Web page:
The planned strikes at Dublin Bus have been suspended pending a ballot of staff following talks between management and unions at the Workplace Relations Commission.

The deal will see staff receive pay rises totalling 11.25% over three years, which equates to 3.75% a year - around the same as the Luas deal but significantly higher than average awards elsewhere in the private sector.

It represents a significant improvement on the 8.25% (2.75% per year) increase on offer under a Labour Court recommendation previously rejected by the workforce. 

Dublin Bus said that the additional 1% pay proposal (2.75% to 3.75%) "will be financed by a range of offsetting efficiency measures as negotiated at the WRC".

"These offsetting measures will both increase revenue and reduce our cost base on an on-going basis," the company said in a statement. "This combined allows for the restructuring of the pay award."

The deal is not linked to additional productivity.

The first 3.75% is backdated to 1 January of this year. The second phase is due on 1 January 2017, with the final tranche payable on 1 January 2018.

Under the deal, staff will be expected to cooperate with the introduction of drug and alcohol testing at work.

The proposal states that “the testing will be carried out post-accident, for cause and randomly. The random selection will be 5% of employees in any given year".

A code of practice is to be agreed by the end of this year.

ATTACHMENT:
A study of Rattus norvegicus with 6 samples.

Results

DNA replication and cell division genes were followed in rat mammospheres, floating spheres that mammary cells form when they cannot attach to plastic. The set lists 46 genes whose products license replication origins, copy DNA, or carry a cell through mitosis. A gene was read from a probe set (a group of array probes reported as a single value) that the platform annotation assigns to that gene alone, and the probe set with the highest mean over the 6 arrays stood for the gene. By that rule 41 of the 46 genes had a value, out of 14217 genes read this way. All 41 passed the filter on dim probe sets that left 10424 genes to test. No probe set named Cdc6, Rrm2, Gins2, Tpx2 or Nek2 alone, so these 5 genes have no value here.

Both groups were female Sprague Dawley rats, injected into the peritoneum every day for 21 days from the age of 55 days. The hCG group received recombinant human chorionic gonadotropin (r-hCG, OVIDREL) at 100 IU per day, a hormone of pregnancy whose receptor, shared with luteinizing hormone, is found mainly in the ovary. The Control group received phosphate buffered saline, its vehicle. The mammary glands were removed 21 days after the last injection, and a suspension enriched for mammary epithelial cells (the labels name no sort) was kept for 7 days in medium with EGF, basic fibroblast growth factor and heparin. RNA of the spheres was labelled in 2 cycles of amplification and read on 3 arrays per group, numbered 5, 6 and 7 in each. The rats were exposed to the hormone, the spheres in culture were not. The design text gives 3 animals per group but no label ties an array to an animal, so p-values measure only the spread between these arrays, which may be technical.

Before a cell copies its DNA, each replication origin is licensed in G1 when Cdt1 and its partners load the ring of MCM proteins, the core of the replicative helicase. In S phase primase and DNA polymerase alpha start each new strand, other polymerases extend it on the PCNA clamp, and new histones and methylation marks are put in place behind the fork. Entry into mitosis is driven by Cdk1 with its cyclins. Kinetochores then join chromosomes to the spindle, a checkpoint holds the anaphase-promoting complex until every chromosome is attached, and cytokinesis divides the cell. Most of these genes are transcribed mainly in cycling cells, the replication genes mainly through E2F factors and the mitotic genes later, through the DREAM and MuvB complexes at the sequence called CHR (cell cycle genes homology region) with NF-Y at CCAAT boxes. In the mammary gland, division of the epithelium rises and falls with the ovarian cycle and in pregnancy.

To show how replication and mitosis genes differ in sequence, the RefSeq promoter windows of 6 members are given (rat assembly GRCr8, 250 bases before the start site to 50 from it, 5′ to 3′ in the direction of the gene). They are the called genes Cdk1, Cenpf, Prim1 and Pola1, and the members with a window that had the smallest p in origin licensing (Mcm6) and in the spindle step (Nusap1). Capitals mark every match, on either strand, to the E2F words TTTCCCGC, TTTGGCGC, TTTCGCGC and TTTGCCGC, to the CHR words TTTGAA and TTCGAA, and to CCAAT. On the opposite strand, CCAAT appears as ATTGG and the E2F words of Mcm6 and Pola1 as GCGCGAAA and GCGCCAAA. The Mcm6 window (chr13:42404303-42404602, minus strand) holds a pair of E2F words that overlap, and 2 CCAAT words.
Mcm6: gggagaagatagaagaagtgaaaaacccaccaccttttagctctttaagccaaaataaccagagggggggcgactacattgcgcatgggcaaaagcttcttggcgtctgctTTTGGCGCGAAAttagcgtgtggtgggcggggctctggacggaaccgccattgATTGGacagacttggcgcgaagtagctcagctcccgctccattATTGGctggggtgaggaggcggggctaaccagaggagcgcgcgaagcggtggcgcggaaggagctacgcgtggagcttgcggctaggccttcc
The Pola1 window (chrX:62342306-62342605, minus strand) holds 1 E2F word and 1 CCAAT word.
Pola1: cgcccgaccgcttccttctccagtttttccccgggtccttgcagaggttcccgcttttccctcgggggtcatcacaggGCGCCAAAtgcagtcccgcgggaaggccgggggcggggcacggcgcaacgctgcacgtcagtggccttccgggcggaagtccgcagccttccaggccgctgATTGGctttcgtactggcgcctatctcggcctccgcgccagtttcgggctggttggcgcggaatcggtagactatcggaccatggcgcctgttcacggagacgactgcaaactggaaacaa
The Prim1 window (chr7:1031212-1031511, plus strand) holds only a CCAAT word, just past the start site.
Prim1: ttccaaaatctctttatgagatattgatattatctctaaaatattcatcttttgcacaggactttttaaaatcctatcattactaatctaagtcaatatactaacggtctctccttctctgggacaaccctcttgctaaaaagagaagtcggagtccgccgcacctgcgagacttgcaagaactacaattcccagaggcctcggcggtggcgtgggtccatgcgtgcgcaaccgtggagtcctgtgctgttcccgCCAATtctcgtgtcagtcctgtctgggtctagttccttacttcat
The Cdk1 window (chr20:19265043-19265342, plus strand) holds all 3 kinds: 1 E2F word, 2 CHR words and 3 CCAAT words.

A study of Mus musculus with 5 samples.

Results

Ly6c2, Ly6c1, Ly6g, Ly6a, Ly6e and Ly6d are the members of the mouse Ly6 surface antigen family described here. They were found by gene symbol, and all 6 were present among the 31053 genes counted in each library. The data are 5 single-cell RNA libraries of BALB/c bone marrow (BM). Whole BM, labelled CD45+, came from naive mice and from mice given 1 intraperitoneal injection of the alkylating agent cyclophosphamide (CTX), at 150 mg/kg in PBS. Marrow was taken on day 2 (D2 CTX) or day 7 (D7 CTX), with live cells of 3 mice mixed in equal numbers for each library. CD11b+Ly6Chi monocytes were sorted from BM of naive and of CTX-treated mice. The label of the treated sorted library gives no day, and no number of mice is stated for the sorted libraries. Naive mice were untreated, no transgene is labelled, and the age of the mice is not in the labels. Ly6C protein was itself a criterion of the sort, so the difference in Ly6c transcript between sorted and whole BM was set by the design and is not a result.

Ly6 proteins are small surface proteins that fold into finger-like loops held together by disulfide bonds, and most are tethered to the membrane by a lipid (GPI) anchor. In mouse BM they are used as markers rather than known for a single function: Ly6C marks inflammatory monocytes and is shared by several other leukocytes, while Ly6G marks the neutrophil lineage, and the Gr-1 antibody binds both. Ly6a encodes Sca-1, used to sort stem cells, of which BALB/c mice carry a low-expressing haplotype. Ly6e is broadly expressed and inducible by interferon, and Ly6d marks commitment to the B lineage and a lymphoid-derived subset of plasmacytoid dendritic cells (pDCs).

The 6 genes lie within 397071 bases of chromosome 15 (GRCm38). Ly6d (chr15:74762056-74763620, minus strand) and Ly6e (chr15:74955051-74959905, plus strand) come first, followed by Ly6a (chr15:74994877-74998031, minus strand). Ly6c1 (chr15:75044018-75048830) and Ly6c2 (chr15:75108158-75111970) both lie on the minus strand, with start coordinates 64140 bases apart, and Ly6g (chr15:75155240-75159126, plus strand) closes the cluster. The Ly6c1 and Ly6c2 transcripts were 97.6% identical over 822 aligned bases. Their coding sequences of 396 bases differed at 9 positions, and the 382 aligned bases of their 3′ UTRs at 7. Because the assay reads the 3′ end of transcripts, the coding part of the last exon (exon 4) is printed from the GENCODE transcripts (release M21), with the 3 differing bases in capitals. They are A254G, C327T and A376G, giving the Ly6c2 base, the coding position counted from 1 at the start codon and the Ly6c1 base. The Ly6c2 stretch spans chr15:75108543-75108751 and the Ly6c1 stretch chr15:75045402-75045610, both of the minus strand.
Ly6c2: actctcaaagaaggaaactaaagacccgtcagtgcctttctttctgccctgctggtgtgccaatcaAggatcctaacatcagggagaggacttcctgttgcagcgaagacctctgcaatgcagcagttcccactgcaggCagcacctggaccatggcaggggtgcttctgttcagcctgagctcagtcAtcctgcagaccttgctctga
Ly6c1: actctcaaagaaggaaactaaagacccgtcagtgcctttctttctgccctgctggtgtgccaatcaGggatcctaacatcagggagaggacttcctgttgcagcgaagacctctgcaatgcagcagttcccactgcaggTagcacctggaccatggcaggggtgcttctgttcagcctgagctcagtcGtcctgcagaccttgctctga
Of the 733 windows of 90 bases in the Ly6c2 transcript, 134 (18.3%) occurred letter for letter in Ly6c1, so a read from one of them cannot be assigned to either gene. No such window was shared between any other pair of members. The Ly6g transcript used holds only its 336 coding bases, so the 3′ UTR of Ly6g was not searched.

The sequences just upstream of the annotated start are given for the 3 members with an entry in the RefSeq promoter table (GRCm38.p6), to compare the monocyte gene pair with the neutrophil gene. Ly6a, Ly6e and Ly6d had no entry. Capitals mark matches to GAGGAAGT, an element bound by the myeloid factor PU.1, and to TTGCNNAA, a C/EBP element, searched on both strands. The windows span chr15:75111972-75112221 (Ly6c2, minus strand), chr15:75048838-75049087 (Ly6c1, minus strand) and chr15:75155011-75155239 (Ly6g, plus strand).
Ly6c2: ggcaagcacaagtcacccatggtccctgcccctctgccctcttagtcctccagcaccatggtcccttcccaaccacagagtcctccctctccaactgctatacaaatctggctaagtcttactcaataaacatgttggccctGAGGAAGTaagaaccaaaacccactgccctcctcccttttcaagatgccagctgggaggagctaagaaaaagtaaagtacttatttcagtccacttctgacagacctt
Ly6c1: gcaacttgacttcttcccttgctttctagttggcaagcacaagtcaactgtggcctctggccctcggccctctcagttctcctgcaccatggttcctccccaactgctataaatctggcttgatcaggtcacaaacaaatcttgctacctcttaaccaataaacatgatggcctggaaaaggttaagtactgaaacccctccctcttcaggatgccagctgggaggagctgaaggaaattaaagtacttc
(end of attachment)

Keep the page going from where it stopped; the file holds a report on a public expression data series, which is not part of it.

Cooperation will also be expected on measures to reduce absenteeism.

There are also proposals relating to scheduling, pensions, and other policies.

The parties also pledge to engage on further productivity bargaining on a grade by grade basis, which could deliver further increases.

The ballot of the workforce is expected to take around ten days.

The deal was brokered following negotiations between management and unions over the past 31 hours.

The next day-long disruption of bus services in the capital was due to take place this coming Saturday, with unions planning 11 strike days in October.

The General Secretary of the National Bus and Railworkers Union has said his members will ultimately decider whether to accept or reject the deal.

Speaking on RTÉ's Six One News, Dermot O'Leary described the talks at the WRC as a "marathon session", adding that the proposals represent the best possible deal that could be achieved for his members. 

Mr O'Leary said the union needs further detail on proposals surrounding "lean management" and on other policies and procedures.

He said there are no productivity measures contained in the proposal. 

Minister for Transport Shane Ross has welcomed the move, saying he was "as relieved as every member of the travelling public to hear there has been a breakthrough in the talks between Trade Unions and management".

He added: "I would like to thank the WRC, the Trade Unions and management for their commitment to these talks."